The Weinstein Co. Bankruptcy Is Getting Weird

A money crunch caused by a diminished sale of assets and uncooperative insurers is causing dissent.
George Pimentel/WireImage
Alexandra Canosa

Yes, The Weinstein Co. bankruptcy was already weird. It's not every day that a company files Chapter 11 after dozens of women come forward to accuse the company's founder of sexual misconduct. But if it's possible, the bankruptcy of TWC is becoming even more weird. Case in point is an objection filed on Friday by the Official Committee of Unsecured Creditors, a group that's dominated by some of Harvey Weinstein's alleged victims. 

As many know, when a debtor files for bankruptcy, that move pauses pending litigation. In order to re-activate a lawsuit, a party has to go to the bankruptcy judge and request relief from the automatic bankruptcy stay. Previously, as an example, six women who say they are Weinstein victims, including Louisette Geiss, convinced the judge to lift the stay on their class action.

Now, however, the Committee is telling the same judge not to lift a stay in a lawsuit brought by another alleged victim, Alexandra Canosa, a former associate producer on the Netflix show Marco Polo. She's not only suing The Weinstein Co., but also members of its board in a $10 million complaint that alleges sexual harassment.

Those board members got the case moved to a New York federal court, the same district that is overseeing the Geiss class action. The judge in Canosa's case told the board members to seek relief from the automatic stay so that TWC could participate in a motion to dismiss and potentially there could be coordinated discovery with the Geiss case.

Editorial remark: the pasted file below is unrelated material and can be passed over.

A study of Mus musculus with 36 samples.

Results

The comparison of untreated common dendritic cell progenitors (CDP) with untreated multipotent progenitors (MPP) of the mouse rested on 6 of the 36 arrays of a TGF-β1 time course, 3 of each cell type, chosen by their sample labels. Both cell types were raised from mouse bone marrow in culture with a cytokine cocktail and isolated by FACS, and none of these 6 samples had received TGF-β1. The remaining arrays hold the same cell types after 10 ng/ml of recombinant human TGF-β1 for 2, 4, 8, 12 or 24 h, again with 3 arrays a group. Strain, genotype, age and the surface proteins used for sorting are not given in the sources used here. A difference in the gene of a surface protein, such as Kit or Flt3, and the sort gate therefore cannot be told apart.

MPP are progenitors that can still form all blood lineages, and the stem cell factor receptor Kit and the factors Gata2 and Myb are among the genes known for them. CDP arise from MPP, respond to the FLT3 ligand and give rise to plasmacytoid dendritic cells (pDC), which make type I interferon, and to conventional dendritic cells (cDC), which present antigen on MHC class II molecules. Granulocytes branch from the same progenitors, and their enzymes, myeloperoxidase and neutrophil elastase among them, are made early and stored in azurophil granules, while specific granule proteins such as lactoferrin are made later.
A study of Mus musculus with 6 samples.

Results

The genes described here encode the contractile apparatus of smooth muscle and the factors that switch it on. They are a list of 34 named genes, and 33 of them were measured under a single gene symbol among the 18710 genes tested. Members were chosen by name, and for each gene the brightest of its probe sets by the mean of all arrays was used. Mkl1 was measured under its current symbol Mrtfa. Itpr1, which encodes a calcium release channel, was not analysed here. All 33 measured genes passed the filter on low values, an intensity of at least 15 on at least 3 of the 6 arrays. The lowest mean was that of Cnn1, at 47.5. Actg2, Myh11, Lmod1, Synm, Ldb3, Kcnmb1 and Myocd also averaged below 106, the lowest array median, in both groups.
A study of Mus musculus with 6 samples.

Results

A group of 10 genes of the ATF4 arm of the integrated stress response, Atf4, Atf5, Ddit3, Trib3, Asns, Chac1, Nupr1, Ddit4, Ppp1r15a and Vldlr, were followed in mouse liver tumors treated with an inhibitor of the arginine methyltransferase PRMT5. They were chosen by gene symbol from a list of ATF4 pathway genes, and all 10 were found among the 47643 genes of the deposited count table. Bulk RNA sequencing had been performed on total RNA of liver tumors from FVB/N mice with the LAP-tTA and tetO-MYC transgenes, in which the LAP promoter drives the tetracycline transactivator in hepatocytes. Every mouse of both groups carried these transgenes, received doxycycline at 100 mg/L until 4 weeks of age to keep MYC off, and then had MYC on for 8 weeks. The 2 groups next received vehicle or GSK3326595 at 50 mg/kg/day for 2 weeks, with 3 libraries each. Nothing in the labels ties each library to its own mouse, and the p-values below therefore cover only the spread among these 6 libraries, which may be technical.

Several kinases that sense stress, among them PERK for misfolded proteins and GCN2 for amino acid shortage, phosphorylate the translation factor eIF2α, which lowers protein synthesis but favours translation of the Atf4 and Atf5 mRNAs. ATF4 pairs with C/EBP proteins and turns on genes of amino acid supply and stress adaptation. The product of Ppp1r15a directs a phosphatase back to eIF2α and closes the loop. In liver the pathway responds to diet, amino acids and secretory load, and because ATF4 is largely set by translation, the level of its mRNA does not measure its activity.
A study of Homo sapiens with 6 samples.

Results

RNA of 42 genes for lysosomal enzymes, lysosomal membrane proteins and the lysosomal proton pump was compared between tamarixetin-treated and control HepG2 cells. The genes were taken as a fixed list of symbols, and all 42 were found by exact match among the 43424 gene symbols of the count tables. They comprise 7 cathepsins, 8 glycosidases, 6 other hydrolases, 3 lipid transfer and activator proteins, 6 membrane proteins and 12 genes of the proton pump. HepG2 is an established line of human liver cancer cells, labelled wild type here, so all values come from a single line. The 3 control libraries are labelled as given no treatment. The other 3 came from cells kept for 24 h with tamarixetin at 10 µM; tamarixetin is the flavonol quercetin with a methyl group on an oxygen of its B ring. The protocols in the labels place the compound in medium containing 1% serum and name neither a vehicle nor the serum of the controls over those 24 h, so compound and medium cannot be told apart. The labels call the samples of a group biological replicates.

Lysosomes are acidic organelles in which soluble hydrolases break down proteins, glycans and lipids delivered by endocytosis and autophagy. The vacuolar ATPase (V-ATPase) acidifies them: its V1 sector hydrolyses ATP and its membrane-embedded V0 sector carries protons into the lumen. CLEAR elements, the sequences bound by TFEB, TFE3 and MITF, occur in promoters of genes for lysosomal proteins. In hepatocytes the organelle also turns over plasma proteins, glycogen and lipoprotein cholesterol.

And so the board members did exactly that. On Aug. 15, they filed a motion in bankruptcy court and acknowledged it was somewhat of an unusual situation as it is typically the plaintiff who would be seeking such a thing.

But again, it's getting even more weird because the victims-dominated Committee now wishes to stand in the way of activating a key piece of the lawsuit from Canosa. 

The Committee says it has a good reason.

"The most important factor that differentiates the Motion from Ms. Geiss’ request for relief from stay is that the Debtors’ insurance carriers are NOT providing the Debtors with a single dollar for defense of the Canosa Litigation," states the objection. "Every dollar spent on the Debtors’ defense costs reduces, dollar for dollar, the sparse unencumbered funds that are likely to remain from the sale to Lantern."

Lantern would be the entity that bought TWC's assets (still in flux) out of bankruptcy for $289 million. With significant claims on the estate — including potentially from Weinstein, who in court papers on Thursday hinted he'd be pursuing claims against the debtor's estate — that's not quite enough money to distribute to make everyone happy.

According to the Committee, TWC lawyers have provided "preliminary distribution estimates ... that showed negligible recoveries to unsecured creditors. Moreover, those estimates included claims estimates for the secured claims of the three entertainment guilds (Directors Guild of America, the Screen Actors Guild - American Federation of Television and Radio Artists, and Writers Guild of America) at numbers that are substantially lower than the secured claims that are asserted against the Debtors. In addition, there are other secured and administrative claims asserted that were not included in the Debtors’ preliminary distribution estimates. If these claims are allowed as asserted, then absent a recovery on affirmative litigation, the Debtors’ estates will be administratively insolvent." 

In other words, there will be hardly anything from the $289 million to pay Weinstein's victims. The fact that the company's insurers are putting up a fight doesn't help. And thus, the opposition to the lifting of the automatic stay.

And that's not the only pressing decision for U.S. Bankruptcy Judge Mary Walrath at the moment. For example, Endemol Shine is seeking a stay lift, too, which is itself unusual because the case Endemol wishes to activate is a lawsuit — not yet filed — in England against Lantern over whether TWC's contractual rights on Peaky Blinders became terminated due to Weinstein's alleged malfeasance. As Endemol put it to Walrath on Thursday, "This Motion is necessary only because of the unusual limbo in which the parties find themselves, with the debtor Weinstein TV technically a necessary party to any litigation because the Agreement has not been assumed, but having no economic stake in the outcome."

The next hearing in the TWC bankruptcy is set to take place Wednesday in Delaware.